Early Dinosaurs And Mammals Inhabited A Plain Like Nothing Since


Stephen Luntz

Stephen has a science degree with a major in physics, an arts degree with majors in English Literature and History and Philosophy of Science and a Graduate Diploma in Science Communication.

Freelance Writer

Svalbard channel

This ancient channel to the sea on Svalbard is a tiny remnant of what was once the largest delta plain in Earth's history, now drowned beneath the waves. Tore Grane Klausen

If you like big things, the Triassic era might be for you. Not only were dinosaurs evolving towards world domination, but some of that occurred on a geological feature 15 times the size of any modern equivalent. A vast delta plain on the edge of the Northern Ocean covered more than 1 percent of the Earth's land mass at the time. A new study has explained how it became the biggest such plain we can find in Earth's history.

Delta plains may not attract the awe of mountain ranges or coral reefs, but they are important for planetary ecology. Regular flooding by silt-laden waters makes the place where meandering rivers meet the sea exceptionally fertile. The flourishing of plants and animals in these places today makes it easy to imagine many dinosaur species first evolved in these areas. More recently, their role as the cradles of agriculture and therefore civilization give us plenty of reasons to be interested in their development.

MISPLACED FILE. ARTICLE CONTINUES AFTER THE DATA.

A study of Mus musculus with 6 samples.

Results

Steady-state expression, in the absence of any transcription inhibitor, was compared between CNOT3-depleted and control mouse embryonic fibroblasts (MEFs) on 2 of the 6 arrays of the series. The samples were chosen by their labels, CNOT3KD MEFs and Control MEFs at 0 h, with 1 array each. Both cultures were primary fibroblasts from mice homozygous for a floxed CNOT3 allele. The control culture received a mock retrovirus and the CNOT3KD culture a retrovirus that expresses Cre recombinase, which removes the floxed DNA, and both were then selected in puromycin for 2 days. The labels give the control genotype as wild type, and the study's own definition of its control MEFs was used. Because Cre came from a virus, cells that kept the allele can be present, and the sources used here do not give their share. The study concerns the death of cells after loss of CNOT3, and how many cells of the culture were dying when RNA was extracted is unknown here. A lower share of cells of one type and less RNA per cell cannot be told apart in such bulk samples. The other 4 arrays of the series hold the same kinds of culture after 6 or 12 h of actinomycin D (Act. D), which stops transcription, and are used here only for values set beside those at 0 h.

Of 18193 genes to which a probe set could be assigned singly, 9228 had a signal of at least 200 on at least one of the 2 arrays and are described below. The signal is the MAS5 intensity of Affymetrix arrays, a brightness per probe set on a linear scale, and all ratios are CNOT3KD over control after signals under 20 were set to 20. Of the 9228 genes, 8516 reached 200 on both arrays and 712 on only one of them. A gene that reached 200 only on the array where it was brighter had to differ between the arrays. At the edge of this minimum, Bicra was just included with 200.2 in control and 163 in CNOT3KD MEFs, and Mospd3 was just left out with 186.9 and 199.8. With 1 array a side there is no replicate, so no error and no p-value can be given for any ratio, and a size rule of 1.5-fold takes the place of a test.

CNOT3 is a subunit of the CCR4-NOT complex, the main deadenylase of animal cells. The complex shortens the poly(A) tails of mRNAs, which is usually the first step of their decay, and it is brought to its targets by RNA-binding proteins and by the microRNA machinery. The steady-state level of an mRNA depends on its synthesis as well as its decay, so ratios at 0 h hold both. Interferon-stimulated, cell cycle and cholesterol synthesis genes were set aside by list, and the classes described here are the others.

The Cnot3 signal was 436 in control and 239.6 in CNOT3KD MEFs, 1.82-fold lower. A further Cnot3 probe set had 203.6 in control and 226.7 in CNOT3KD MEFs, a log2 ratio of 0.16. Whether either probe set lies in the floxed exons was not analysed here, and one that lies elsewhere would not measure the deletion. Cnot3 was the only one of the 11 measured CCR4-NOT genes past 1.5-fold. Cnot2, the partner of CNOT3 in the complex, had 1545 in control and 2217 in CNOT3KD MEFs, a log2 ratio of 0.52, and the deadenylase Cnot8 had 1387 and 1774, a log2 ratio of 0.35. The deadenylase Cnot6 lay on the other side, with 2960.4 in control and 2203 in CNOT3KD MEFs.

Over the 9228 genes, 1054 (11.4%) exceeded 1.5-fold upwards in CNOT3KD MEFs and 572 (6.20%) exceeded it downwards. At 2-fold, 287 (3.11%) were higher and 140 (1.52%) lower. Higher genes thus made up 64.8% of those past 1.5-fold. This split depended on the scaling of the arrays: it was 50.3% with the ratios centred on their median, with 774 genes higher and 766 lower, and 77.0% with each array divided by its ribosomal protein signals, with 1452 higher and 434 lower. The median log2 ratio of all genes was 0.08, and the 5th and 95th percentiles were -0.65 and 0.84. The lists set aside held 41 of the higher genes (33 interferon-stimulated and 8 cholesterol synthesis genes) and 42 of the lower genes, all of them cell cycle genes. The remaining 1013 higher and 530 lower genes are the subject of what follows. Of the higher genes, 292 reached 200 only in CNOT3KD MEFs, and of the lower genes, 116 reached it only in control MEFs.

Dr Tore Grane Klausen of Norway's University of Bergen wanted to know how the plain that bordered the Triassic Boreal Ocean (TBO) grew to a phenomenal 165,000 square kilometers (64,000 square miles). Close to the size of Washington State and larger than England and Wales combined, it was fed by a river system that drained an area as large as the Amazon. In Geology, Klausen and co-authors identify two essential components to the plain's expanse: a long period of sea level stability and the flatness of the seabed into which its rivers drained.

Today, the TBO delta plain lies underwater, between the northern tip of Norway and the island of Svalbard (Spitsbergen). Even if it was above sea level, the area would be home to little more than polar bears, but during the Triassic its climate resembled modern southern Asia.

The area has been heavily drilled in the hope of finding oil, but it is far less well known than if it was on land. Consequently, the size estimate is a minimum, with its boundaries in some directions not established.

Modern delta plains are less than 10,000 years old. Whatever existed beforehand was submerged as sea levels rose. Until we started building dams on their rivers, many were expanding, but there are limits to how fast they can grow. The largest, at the mouth of the Amazon, is just 10,800 square kilometers (4,200 square miles). 


Other ancient delta plains have been found that exceed those of today, but none match the TBO plain in size.